Kerry, Grassley Bill Would Expand Mental Health Services for Kids

Press Release

By:  John Kerry Chuck Grassley
Date: June 13, 2012
Location: Washington, DC

Senators John Kerry (D-Mass.) and Chuck Grassley (R-Iowa) today introduced bipartisan legislation to expand and strengthen mental health services for children on Medicaid. The legislation would also strike the antiquated term "mentally retarded" from the Social Security Act.

"This legislation would give families trying their best to help their children live with mental illness more options for alternative care in small settings," said Sen. Kerry. "This is an effort to remove outdated stigmas and empower parents to help the children they love."

"The federal government should give states incentives to use community-based settings for children with intensive mental health needs," said Sen. Grassley. "This bipartisan legislation will give states the tools they need to provide care through smaller settings."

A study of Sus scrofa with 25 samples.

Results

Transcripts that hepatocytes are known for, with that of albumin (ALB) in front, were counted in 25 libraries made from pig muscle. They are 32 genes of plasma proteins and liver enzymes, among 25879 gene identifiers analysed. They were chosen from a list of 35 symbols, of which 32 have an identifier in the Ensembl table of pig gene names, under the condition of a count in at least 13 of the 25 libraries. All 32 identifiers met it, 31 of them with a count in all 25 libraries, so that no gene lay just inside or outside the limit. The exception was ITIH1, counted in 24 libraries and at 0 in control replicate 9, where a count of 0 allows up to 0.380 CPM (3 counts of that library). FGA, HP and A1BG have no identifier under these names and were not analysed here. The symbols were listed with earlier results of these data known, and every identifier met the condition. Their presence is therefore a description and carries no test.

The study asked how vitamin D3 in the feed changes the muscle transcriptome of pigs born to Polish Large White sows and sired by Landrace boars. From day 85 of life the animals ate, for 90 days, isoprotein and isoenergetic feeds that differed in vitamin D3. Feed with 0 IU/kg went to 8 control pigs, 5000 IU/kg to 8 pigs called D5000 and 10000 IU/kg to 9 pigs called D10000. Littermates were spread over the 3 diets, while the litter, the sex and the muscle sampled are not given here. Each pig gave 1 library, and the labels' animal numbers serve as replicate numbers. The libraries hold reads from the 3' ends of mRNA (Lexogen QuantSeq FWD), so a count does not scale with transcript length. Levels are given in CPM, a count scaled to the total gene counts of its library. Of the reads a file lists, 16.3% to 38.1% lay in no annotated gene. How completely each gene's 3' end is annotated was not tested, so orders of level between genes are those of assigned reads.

The Kerry-Grassley Children's Mental Health Accessibility Act will expand the Medicaid 1915(c) waiver to provide an option to serve children and adolescents with intensive home or community-based treatment services in lieu of being treated as inpatients in a psychiatric residential treatment facility. Without access to intensive home or community-based services, these children could otherwise be institutionalized. The waiver expansion will allow more states the opportunity to provide cost-effective care that best meets their children's mental health needs.

Additionally, the bill will remove the term "mentally retarded" from the Social Security Act and replace it with "intellectually disabled." In 2010, President Obama enacted the bipartisan Rosa's Law which removed the words "mentally retarded" from federal health, education and labor laws. The Kerry-Grassley legislation builds off the successful results of Rosa's Law by removing this obsolete term from a significant portion of the U.S. Code.

The Children's Mental Health Accessibility Act is endorsed by over 35 major advocacy groups, including the Alliance for Children and Families, the American Psychiatric Association, the American Association of People with Disabilities (AAPD), and the National Alliance on Mental Illness.